Declining COVID-19 cases stir cautious optimism

Health experts say the U.S. could be turning the corner on COVID-19, while cautioning that the pandemic is far from over.

The spike in coronavirus infections from the delta variant of the virus is slowing and cases are beginning to decline. Experts think the U.S. could be on the back end of the wave, even as deaths and hospitalizations remain high.

But low vaccination rates in many areas of the country are giving them pause, with some arguing that another seasonal surge after holiday travel is likely, even if it isn’t as high as last winter. There could also be regional spikes, as some areas worsen while others rebound more quickly.

According to the Centers for Disease Control and Prevention, the seven-day average of U.S. cases has been declining for the past two weeks. On Sept. 14, the daily average of new cases was just under 150,000. As of Tuesday, it was down to about 95,000.

Former Food and Drug Administration Commissioner Scott Gottlieb said during a recent CNN interview that the decline is most prominent in the southern states, where the delta variant has essentially run out of people to infect.

This could be the “last major surge” in the U.S., but Gottlieb cautioned that the wave is not over yet.

“I don’t think this has run its course,” he said. “This has been a highly regionalized epidemic from the very beginning … but I think on the back end of this delta surge of infection around the country, after we get through this, this may be the last major wave of infection.”

Gottlieb estimated that by Thanksgiving, COVID-19 will become endemic with much more manageable case levels. The pace of the decline will be quicker if children are permitted to be vaccinated sooner, he said.

David Dowdy, an epidemiologist at the Johns Hopkins Bloomberg School of Public Health, said it’s important to put the declining case numbers in perspective. Just because they are decreasing, he said, doesn’t mean the country is done with the pandemic.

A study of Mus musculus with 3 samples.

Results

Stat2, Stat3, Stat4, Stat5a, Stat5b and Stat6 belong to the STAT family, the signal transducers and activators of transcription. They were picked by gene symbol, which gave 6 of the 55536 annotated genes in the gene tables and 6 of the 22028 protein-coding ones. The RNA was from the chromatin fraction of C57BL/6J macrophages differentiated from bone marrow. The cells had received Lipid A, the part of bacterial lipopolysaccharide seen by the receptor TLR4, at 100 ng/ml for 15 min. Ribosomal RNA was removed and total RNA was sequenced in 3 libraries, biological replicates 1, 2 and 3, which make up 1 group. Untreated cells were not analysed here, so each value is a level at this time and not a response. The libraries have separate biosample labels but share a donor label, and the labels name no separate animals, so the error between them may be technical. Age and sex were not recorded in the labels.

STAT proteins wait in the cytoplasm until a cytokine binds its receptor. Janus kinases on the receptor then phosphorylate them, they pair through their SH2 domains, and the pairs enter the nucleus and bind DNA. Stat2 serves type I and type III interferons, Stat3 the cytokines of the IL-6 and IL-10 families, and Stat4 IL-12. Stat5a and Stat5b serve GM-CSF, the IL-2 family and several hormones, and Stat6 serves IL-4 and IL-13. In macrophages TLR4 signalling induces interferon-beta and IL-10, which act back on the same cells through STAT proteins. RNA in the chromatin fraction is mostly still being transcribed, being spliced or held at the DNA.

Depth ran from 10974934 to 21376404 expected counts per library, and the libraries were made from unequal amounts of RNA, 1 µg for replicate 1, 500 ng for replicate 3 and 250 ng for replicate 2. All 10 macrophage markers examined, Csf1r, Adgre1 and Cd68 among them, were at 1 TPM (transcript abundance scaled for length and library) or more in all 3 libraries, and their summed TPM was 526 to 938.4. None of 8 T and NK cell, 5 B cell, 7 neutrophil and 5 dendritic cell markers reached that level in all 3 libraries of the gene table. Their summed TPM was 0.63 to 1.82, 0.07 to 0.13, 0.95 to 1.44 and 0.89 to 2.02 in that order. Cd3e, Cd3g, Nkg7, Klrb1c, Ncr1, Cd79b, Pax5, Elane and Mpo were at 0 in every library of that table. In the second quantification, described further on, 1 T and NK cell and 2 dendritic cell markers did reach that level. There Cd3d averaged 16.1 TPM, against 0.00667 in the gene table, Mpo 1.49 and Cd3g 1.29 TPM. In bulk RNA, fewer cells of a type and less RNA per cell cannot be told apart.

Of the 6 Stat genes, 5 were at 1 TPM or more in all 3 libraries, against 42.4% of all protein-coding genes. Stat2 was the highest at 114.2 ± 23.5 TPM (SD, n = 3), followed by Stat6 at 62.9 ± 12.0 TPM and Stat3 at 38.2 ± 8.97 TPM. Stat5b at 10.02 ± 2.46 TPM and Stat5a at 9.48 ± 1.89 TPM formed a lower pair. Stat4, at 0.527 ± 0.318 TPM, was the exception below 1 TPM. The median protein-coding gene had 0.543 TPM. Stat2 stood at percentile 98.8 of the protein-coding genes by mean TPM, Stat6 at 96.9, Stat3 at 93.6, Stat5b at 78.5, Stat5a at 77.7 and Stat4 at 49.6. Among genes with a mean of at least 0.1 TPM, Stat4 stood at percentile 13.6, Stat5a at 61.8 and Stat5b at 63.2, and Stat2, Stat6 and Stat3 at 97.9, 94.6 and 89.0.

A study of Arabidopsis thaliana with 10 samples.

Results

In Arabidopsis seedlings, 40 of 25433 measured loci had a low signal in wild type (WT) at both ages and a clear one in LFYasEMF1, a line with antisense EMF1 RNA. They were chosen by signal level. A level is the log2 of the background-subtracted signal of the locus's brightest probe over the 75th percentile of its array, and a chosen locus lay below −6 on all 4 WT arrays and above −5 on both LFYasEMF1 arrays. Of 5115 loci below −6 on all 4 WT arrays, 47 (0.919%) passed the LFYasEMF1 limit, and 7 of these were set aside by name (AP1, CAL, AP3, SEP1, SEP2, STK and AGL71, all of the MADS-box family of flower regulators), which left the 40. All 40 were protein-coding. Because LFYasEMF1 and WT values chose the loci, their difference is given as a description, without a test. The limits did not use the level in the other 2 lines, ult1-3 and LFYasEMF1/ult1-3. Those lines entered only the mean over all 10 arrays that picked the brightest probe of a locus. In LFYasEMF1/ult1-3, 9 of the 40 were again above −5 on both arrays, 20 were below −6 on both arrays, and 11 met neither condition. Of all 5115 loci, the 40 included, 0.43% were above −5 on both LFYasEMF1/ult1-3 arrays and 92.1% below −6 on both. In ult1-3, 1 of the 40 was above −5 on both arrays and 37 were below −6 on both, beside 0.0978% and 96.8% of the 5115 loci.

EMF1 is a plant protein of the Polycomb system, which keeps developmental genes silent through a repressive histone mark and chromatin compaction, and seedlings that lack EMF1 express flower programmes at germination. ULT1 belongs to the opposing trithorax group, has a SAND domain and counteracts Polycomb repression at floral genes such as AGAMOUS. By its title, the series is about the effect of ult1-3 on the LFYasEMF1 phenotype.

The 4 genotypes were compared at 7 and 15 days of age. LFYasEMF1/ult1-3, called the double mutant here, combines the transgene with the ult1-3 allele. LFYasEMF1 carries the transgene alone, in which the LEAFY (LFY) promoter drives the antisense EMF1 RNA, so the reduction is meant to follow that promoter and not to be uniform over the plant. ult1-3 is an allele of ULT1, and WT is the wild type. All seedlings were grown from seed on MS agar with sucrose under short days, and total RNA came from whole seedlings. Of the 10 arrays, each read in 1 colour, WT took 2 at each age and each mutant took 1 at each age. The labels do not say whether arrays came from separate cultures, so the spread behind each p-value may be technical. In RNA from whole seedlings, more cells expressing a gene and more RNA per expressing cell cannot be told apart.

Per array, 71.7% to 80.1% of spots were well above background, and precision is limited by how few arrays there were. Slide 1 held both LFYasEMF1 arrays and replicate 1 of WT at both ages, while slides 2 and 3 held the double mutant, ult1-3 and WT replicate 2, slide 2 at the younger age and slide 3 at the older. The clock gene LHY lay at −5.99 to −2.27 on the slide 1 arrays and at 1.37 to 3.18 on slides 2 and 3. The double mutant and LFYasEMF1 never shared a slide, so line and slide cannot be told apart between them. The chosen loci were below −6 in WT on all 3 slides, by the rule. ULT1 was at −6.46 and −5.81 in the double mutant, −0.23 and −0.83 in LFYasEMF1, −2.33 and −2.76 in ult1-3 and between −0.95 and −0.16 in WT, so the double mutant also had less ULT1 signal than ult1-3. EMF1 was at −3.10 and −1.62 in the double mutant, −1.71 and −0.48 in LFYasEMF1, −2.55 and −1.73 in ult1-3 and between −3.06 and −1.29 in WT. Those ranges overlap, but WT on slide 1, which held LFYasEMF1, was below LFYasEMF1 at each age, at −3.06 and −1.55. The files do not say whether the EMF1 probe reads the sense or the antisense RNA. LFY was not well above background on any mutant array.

“Every time in the past that we’ve thought we were done and out of the woods, we’ve been wrong. So I would be very hesitant to say that,” Dowdy said. “I think it’s also important for people to realize that right now, even though cases are going down, the number of cases that we’re seeing is still quite high. I think that things are trending in the right direction, but it’s a little too early to declare victory.”

The U.S. has seen several different periods of peaks and valleys throughout the course of the pandemic. Many were hopeful that the low point in July, coming after many states relaxed COVID-19 precautions and vaccines became widely available, signaled the beginning of the end of the pandemic.

But then infections began to spike, as the delta variant became the dominant strain across the country. The people with the most severe cases were largely the unvaccinated, and the states impacted the most by the surge had the highest numbers of unvaccinated residents.

Even if the delta surge has peaked, it will be some time before the hospitals being overwhelmed with unvaccinated coronavirus patients see relief.

Hospitalizations and deaths tend to lag case counts by a couple weeks or more, as it takes time for people to become infected with the virus and then become sick enough to need urgent care.

Celine Gounder, an epidemiologist and infectious diseases specialist at New York University and Bellevue Hospital, said on CNN this week she agreed with Gottlieb that the delta surge is waning, but she expects at least another wave this winter in the post-holiday travel period.

“Whenever people travel and create what are essentially new social networks and new transmission networks you will see a bump,” Gounder said.

She said that last winter, the nation experienced a “triple-humped surge” between Thanksgiving, Christmas and New Year’s.

“I don’t think it will be anywhere near as bad as last year’s. I do think we’ll see a surge in transmission around the holidays … then I think we’ll turn a corner, assuming more people get vaccinated,” she said. 

All experts agreed that improving vaccination rates is the key to stopping transmission and making COVID-19 a much more manageable disease.

“At some point in time, the surge will end, but it will end more quickly if we get more people vaccinated,” Dowdy said.

Natural immunity among people who were previously infected can help a little, but the levels of protection vary considerably.

“Infection produces a range of outcomes. Some people produce really good protection, and other people don’t. It’s much more consistent if you give people a vaccine,” said William Hanage, an epidemiologist at Harvard’s T.H. Chan School of Public Health.

Hanage said the most optimistic part of the current situation is that there are plenty of available vaccines that can keep people out of the hospital. But that’s also the most frustrating aspect.

“If you’d have told me a few years ago that we would be looking at a winter like what we are seeing now, I would have been pretty horrified. However, I also have in my mind how much worse it could be, if we did not have the vaccines,” Hanage said.